Christmas Countdown: 1

Christmas treeIt’s Christmas Eve Day! When I was growing up the evening consisted of the special family dinner and dessert, a Christmas lesson, opening the presents under the tree, all capped off with a midnight church service. Christmas morning brought stuffed stockings of trinkets and candy, but the Eve was the Big Night.

The Way-Back link is to the 2012 Christmas Eve post when I’d just learned that my Santa: Man or Woman post had been Freshly Pressed. Tomorrow I’ll tell you about the poem I wrote to commemorate the discovery.

Now the Christmas Eve musical selections…

Silent Night. Of course, what else. The question is which one? If you’ve been following the Way-Back links, you’ve seen the Stevie Nicks one. I really like the Elvin Bishop version (and the Enya one). Tonight I’ll start with this one:

As much as I love that one, my favorite (and I know I’m not alone in this) is Oh Holy Night. Here again, it’s tough to pick one. Two long-time favorites are the Josh Groban version or the one by the incomparable Mahalia Jackson. (There’s a really pretty one by Celtic Woman you should check out.) But I’m gonna go with Patti Smith:

[Warning: Pace Change Ahead!]

Christmas Eve Day evening should be spent inside (with Norah Jones and Willie Nelson), because Baby It’s Cold Outside:

And if you’re out and driving, please be safe. To keep you company, here’s Driving Home For Christmas by Chris Rea:

We end at the beginning with Mannheim Steamroller’s Silent Night from their first holiday album in 1984:

For tonight’s bonus music here’s another selection from The Piano Guys:

For forth and spread beauty and light.

About Wyrd Smythe

The canonical fool on the hill watching the sunset and the rotation of the planet and thinking what he imagines are large thoughts. View all posts by Wyrd Smythe

7 responses to “Christmas Countdown: 1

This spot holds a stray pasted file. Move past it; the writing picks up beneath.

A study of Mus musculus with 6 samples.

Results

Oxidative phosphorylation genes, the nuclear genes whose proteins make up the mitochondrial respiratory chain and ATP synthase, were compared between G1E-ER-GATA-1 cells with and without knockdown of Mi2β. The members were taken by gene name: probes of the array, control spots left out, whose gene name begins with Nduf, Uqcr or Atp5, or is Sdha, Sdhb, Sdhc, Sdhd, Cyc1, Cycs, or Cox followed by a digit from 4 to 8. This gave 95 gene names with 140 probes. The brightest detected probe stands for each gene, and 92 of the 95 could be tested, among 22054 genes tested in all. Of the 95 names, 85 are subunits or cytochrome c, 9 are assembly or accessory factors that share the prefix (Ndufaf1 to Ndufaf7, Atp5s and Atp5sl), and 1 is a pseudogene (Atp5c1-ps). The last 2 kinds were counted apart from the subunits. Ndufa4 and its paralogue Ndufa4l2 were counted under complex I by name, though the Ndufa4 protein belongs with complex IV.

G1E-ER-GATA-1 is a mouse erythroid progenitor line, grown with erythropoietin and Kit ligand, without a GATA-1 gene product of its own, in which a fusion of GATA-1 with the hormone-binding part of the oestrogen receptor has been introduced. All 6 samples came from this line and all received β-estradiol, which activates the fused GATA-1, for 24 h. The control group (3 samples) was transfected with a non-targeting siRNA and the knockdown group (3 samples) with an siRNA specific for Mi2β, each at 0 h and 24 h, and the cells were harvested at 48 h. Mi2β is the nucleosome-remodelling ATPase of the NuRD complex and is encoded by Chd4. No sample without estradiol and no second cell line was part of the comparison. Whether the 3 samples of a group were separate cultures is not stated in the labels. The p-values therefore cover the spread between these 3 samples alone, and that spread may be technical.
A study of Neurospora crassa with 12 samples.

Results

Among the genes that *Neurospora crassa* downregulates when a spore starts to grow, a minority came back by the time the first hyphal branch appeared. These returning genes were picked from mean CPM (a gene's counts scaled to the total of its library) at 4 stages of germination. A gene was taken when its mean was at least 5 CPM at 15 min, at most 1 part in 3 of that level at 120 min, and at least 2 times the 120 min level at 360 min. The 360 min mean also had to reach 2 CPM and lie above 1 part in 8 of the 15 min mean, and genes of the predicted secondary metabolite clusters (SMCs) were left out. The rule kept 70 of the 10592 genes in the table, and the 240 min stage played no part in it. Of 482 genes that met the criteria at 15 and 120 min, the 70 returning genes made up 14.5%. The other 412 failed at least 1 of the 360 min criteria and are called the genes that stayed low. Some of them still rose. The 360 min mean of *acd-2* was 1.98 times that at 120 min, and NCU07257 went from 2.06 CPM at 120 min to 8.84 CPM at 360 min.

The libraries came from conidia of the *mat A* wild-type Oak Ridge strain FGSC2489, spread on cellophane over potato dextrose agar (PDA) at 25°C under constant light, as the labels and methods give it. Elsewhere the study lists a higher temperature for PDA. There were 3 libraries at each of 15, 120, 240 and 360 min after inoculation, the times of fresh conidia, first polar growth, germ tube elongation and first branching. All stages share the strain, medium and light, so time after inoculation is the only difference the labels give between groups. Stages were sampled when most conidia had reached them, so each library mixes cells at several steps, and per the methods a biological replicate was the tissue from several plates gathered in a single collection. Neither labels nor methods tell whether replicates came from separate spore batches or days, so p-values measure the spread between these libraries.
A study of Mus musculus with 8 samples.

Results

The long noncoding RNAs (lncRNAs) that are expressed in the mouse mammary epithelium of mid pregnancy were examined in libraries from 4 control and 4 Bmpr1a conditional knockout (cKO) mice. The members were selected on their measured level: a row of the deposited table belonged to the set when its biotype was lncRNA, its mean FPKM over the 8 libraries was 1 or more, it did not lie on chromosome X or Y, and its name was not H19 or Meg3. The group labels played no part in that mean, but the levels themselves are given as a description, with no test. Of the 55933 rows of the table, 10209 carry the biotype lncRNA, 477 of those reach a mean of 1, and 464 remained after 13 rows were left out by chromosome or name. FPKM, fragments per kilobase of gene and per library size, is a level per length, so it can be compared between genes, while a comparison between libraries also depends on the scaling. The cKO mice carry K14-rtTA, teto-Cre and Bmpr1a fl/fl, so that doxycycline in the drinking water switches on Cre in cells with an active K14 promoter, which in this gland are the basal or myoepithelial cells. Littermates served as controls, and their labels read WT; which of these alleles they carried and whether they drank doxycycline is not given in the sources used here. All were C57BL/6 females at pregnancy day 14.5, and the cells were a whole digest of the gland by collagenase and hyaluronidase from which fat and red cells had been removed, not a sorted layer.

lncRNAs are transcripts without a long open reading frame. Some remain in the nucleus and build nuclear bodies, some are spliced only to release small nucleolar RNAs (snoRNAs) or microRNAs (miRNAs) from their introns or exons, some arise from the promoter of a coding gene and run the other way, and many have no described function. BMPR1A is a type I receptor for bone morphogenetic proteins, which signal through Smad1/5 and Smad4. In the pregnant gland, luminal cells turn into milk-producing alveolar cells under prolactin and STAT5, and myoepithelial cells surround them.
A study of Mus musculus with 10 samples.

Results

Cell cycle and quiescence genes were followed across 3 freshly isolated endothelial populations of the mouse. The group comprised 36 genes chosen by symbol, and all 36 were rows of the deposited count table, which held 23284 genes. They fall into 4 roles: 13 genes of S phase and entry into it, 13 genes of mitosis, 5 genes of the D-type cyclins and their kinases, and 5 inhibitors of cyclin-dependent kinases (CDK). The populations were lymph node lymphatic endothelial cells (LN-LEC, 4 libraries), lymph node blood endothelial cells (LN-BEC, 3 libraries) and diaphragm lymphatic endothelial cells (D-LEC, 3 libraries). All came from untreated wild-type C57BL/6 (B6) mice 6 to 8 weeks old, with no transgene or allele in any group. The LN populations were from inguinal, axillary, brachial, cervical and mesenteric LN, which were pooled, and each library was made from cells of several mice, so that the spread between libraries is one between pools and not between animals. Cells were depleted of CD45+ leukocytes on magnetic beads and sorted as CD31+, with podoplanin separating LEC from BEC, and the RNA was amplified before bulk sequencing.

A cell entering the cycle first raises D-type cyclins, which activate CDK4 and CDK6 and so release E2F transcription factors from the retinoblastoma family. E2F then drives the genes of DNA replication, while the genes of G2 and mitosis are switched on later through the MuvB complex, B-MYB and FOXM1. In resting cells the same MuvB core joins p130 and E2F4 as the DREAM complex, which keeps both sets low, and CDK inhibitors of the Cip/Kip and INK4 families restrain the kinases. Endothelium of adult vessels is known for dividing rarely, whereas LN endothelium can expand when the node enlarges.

• dianasschwenk

    Check out this Christmas song I found a couple of years ago – it’s one of my faves!

    Diana xo

  • reocochran

    This is a beautiful rendition of Silent Night, W.S. I am off to do Christmas Eve shopping with my Mom. My brothers are worthless at this task! ha ha! I am blessed with our connections and wishing you a splendid time!

    • Wyrd Smythe

      Christmas Eve shopping, oh, you poor soul! So much better to spend the day relaxing! Ah, well, we gotta do what we gotta do, don’t we! Which did you like best? The Sinead or the Steamroller? Or the Stevie Nicks? Or the Elvin Bishop? Or the Enya? 😀 Really, really hard to pick, isn’t it! 😮

  • Wyrd Smythe

    ♩♪ Musical Notes:

    Silent Night, Holy Night (Stille Nacht, heilige Nacht) is a 1818 German Christmas standard covered by many, many artists choral groups. It was composed by Franz Gruber (not Hans 🙂 ) to lyrics by Joseph Mohr. It was first performed on Christmas Eve (tonight!) at the St. Nicholas parish church in Oberndorf. The priest there, Father Mohr, brought his words to the schoolmaster and organist, Gruber, who lived in the nearby village of Arnsdorf.

    The song was sung simultaneously in French, by both English and German troops during the Christmas Truce of 1914 during WWI. It was known to the men on both sides.

    Oh Holy Night is also from the 19th century. It started life as a French poem, Minuit, Chrétiens (Midnight, Christians), by professed anticlerical atheist Placide Cappeau in 1843. The poem was written to celebrate the renovation of the church organ in 1843.

    Soon after Adolphe Adam compose music for the poem. The song premiered in Roquemaure in 1847 sung by opera singer Emily Laurey.

    Unitarian minister John Dwight created a singing version from Cappeau’s text in 1855.

    Baby, It’s Cold Outside is a duet by Frank Loesser in 1944. It’s intended more as a winter romantic song than specifically a Christmas song. It’s included here because (a) I really like Norah Jones and (b) Norah Jones and Willie Nelson? Who could resist!

    Driving Home for Christmas is an original tune by (very interesting musician) Chris Rea. It’s inclusion here is in part due to its relative obscurity and in part due to Chris Rea being another artist I really like.

    O come, O come, Emmanuel originally dates back to the 12th century as the Latin hymn Veni, Veni, Emmanuel. The version we know and sing today comes from an 1861 translation.

    Of note is that the metre of the Latin allows either the English or Latin to be sung to the same melody.

  • Hariod Brawn

    Happy Christmas my friend! And many thanks for everything! You have greatly enriched my blogging experience in this my debut year, not only as a result of your writing, but also because of your generous and willing engagements in the comments section. You get my personal award for top blog of 2014 – jointly with Tina’s, of course!


    • Wyrd Smythe

      You place me in very good company, thank you! And thank you as well for your participation here; we’ve had some fun and explored things and even introduced each other to new music (the best gift of all).

      I hope you and yours are having a wonderful Christmas!